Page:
Thermomechancial Analysis of Semiconductors

Presented by Somayeh Sharafi


A scientist using a TMA Testing device

Scientist using the Rigaku TMA, an instrument with various applications relating to semi-conductors. 

Thermomechanical Analysis (TMA) is a technique in which a deformation of the sample under non-oscillating stress is monitored against time or temperature while the temperature of sample in specific atmosphere is programed. The stress may be compression, tension, and flexure. TMA is widely used to measure the thermal expansion, shrinkage, softening temperature, glass transition temperature, and sintering of a sample.  Rigaku’s TMA adopts the differential expansion principle that can measure the thermal expansion or shrinkage generated in insulators and semiconductors. Semiconductors are a class of crystalline solid intermediate that is electrically conductive in some circumstances, but not others.

There are two types of semiconductors; intrinsic semiconductors, known as n-type, and extrinsic semiconductors, known as a p-type. In extrinsic semiconductors/p-type, impurities are added into materials to enhance the charge carriers.

Figure 1: Thermal shrinkage behavior of p-, n-type, and insulator materials during sintering. [1]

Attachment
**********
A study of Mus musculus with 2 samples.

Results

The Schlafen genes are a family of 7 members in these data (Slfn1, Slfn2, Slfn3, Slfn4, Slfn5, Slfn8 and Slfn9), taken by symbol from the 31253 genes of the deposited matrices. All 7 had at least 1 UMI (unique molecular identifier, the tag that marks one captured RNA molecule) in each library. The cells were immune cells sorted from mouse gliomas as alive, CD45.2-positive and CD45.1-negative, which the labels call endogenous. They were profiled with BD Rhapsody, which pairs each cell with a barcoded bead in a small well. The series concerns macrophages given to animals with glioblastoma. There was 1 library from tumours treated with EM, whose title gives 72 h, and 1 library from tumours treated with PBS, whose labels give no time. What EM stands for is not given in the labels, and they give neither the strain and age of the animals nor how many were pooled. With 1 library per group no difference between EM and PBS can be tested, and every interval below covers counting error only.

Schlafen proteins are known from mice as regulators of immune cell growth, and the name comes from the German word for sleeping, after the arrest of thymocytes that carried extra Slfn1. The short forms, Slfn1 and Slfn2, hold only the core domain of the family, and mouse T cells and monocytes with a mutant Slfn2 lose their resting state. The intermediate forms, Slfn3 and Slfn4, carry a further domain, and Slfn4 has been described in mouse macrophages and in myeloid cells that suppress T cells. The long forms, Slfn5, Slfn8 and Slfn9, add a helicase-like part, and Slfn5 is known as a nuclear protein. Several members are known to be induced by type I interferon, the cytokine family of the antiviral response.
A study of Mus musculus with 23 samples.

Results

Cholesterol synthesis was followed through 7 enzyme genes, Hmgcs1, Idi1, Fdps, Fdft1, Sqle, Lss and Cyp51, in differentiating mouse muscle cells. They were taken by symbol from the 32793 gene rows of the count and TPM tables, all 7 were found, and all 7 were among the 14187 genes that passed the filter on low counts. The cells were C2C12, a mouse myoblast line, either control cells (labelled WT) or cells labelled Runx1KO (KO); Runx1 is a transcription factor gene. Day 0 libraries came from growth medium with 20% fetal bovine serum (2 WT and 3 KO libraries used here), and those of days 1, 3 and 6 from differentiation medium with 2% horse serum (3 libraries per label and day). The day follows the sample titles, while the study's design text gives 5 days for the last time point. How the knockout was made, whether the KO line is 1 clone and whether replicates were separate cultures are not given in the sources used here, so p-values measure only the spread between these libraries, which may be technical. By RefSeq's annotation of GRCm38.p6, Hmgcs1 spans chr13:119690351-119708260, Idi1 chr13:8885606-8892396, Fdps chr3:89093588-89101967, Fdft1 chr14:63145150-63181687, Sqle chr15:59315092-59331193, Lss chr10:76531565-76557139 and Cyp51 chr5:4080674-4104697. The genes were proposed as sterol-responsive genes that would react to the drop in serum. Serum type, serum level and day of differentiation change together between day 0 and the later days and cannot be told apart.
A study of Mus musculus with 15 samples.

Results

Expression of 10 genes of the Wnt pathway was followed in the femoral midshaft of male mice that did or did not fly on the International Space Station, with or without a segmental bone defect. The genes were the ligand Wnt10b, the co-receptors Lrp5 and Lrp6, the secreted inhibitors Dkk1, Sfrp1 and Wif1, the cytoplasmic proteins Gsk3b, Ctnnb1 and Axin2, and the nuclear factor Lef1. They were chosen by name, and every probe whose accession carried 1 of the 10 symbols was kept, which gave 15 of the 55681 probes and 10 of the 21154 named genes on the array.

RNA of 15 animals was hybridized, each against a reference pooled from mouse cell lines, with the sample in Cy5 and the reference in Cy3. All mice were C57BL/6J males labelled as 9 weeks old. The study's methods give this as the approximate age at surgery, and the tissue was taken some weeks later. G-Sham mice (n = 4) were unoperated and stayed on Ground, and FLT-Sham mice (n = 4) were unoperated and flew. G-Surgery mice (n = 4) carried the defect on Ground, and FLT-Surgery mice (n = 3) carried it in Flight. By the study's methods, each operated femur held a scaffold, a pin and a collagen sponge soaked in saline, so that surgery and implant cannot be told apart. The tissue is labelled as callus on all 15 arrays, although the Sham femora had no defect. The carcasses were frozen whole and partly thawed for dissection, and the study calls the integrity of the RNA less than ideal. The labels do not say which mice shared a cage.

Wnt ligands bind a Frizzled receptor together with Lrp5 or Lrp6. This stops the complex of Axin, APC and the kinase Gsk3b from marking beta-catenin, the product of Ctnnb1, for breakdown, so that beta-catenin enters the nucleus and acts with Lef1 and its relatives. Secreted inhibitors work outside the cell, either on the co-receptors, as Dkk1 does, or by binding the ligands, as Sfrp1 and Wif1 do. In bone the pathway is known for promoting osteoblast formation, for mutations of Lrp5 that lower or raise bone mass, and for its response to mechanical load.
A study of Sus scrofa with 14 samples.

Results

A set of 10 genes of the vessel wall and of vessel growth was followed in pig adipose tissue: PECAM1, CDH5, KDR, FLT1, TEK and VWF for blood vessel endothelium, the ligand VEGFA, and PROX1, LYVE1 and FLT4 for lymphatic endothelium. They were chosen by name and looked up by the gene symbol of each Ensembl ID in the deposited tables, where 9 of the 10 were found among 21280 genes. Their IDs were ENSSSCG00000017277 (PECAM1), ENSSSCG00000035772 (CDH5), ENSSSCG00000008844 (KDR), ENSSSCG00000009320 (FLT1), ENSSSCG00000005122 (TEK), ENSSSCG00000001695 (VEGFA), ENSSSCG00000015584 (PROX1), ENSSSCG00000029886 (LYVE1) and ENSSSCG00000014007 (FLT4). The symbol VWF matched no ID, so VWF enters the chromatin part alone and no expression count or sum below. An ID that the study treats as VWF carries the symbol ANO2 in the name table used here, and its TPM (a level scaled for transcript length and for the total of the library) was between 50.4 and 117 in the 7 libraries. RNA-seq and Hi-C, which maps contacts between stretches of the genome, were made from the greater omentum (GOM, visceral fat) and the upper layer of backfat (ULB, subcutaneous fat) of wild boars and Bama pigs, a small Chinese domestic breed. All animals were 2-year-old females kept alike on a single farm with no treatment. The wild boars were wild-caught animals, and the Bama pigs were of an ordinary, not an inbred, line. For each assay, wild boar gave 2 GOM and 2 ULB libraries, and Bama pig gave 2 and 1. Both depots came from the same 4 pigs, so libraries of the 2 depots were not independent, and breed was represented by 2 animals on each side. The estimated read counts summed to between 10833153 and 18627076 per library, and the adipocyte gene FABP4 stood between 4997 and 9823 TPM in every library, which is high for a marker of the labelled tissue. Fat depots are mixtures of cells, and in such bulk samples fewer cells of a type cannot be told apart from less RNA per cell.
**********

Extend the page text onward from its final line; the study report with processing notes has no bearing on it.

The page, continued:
This webinar will feature the Rigaku TMA8311. It is a high-sensitivity, high-precision instrument, and provides measurements using a differential method that can be useful for the coefficient of thermal expansion (CTE) and thermomechanical analyzing of semiconductor materials. This will touch on the importance of understanding the thermal expansion and contraction of semiconductors, how this information can be applied to a system, and the unique ways that the Rigaku TMA is able to acquire these measurements. This webinar will interest anyone working with insulators and semiconductors (n-type and p-type).

Learn more about Rigaku’s products exclusively offered by C-Therm in the US here.


[1] Funahashi, S., Nakamura, T., Kageyama, K., & Ieki, H. (2011). Monolithic oxide–metal composite thermoelectric generators for energy harvesting. Journal of Applied Physics109(12), 124509.


This webinar aired on July 28, 2022 @ 2:00PM GMT-3.